What is synovial sarcoma?

What are the signs and symptoms of synovial sarcoma?

What causes synovial sarcoma?

How is synovial sarcoma diagnosed?

How might synovial sarcoma be treated?


What is synovial sarcoma?

Synovial sarcoma is rare and aggressive soft tissue sarcoma that appears as deep, painless, slowly growing masses. Most frequently the tumor affects the legs, especially the knees, and the arms. Less frequently, this disease develops in the trunk, head and neck region, or the abdomen. Although synovial sarcoma does not have a clearly defined cause, genetic factors are believed to influence the development of this disease. Cells in these tumors are usually characterized by the presence of a translocation involving chromosomes X and 18. This translocation is specific to synovial sarcoma and is often used to diagnose this cancer. Although this condition generally affects adults, about 30% of reported cases occur in children and adolescents.[1][2]
Last updated: 7/11/2011

What are the signs and symptoms of synovial sarcoma?

Synovial sarcoma is a slow-growing tumor. Because it grows slowly, a person may not have or notice symptoms for some time, resulting in a delay in diagnosis. The most common symptoms of are swelling or a mass that may be tender or painful. The tumor may limit range of motion or press against nerves and cause numbness. The symptoms of synovial sarcoma can be mistaken for those of inflammation of the joints (arthritis) or other non-cancerous conditions that cause inflammation such as bursitis and synovitis.[1]
Last updated: 7/11/2011

What causes synovial sarcoma?

The exact cause of synovial sarcoma is not entirely understood; however, studies have indicated that genetic alterations may play a role in the formation of soft tissue sarcomas. In synovial sarcoma, a rearrangement in the chromosome material between chromosomes X and 18 is usually present. The characteristic chromosome translocation  t(X;18)(p11.2;q11.2) is present in nearly all synovial sarcomas. This rearrangement changes the position and function of genes, causing a fusion of genes referred to as a "fusion transcript." Patients have an abnormal fusion transcript involving two genes which creates a novel (new) gene. This important discovery has led to improvements in diagnosing this condition, and may lead to newer treatments in the future.[3]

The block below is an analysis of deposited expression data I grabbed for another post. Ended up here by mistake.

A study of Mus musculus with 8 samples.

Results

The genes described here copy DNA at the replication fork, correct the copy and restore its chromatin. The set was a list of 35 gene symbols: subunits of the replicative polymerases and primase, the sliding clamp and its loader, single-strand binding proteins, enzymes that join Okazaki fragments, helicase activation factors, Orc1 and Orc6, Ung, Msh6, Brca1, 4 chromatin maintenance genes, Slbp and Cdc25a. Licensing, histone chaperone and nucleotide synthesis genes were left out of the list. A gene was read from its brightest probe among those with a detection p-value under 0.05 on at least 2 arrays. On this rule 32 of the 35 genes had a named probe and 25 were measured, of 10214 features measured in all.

Last updated: 7/11/2011

How is synovial sarcoma diagnosed?

A doctor may use the following procedures and tests to diagnose synovial sarcoma:[1]
  • Biopsy: Tissue is removed for examination under a microscope.
  • Immunohistochemical analysis: Tumor tissue is tested for certain antigen and antibody interactions common to synovial sarcoma.
  • Ultrastructural findings: The tissue is examined using an ultramicroscope and electron microscope.
  • Genetic testing: Tissue is tested for a specific chromosome abnormality common to synovial sarcoma. The characteristic chromosome translocation t(X;18)(p11.2;q11.2) is present in nearly all synovial sarcomas, providing strong evidence for the diagnosis of this tumor.[2]
Last updated: 7/11/2011

How might synovial sarcoma be treated?

The type of treatment depends on the age of the person, the location of the tumor, its size, its grade (how abnormal the cancer cells look under a microscope and how likely the tumor will quickly grow and spread), and the extent of the disease. The most common treatment is surgery to remove the entire tumor with negative margins (no cancer cells are found at the edge or border of the tissue removed during surgery). If the first surgery does not obtain negative tissue margins, a second surgery may be needed.[1]
Radiation therapy before or after surgery may also be necessary to control the tumor or decrease the chance of recurrence (cancer coming back). The use of intraoperative radiation therapy (radiation aimed directly at the tumor during surgery) and brachytherapy (radioactive material sealed in needles, wires, seeds, or catheters, and placed directly into or near a tumor) are under study. Affected individuals may also receive chemotherapy alone or in combination with radiation therapy.[1]
Last updated: 7/11/2011

References
  1. Synovial Sarcoma: Questions and Answers. National Cancer Institute (NCI). 2005; http://www.cancer.gov/cancertopics/factsheet/Sites-Types/synovial. Accessed 7/11/2011.
  2. Ruggiero A. Synovialsarcoma. Orphanet. March 2004; http://www.orpha.net/consor/cgi-bin/OC_Exp.php?lng=EN&Expert=3273. Accessed 7/11/2011.
  3. Synovial sarcoma. Children's Hospital Boston. http://www.childrenshospital.org/az/Site1031/mainpageS1031P1.html. Accessed 7/11/2011.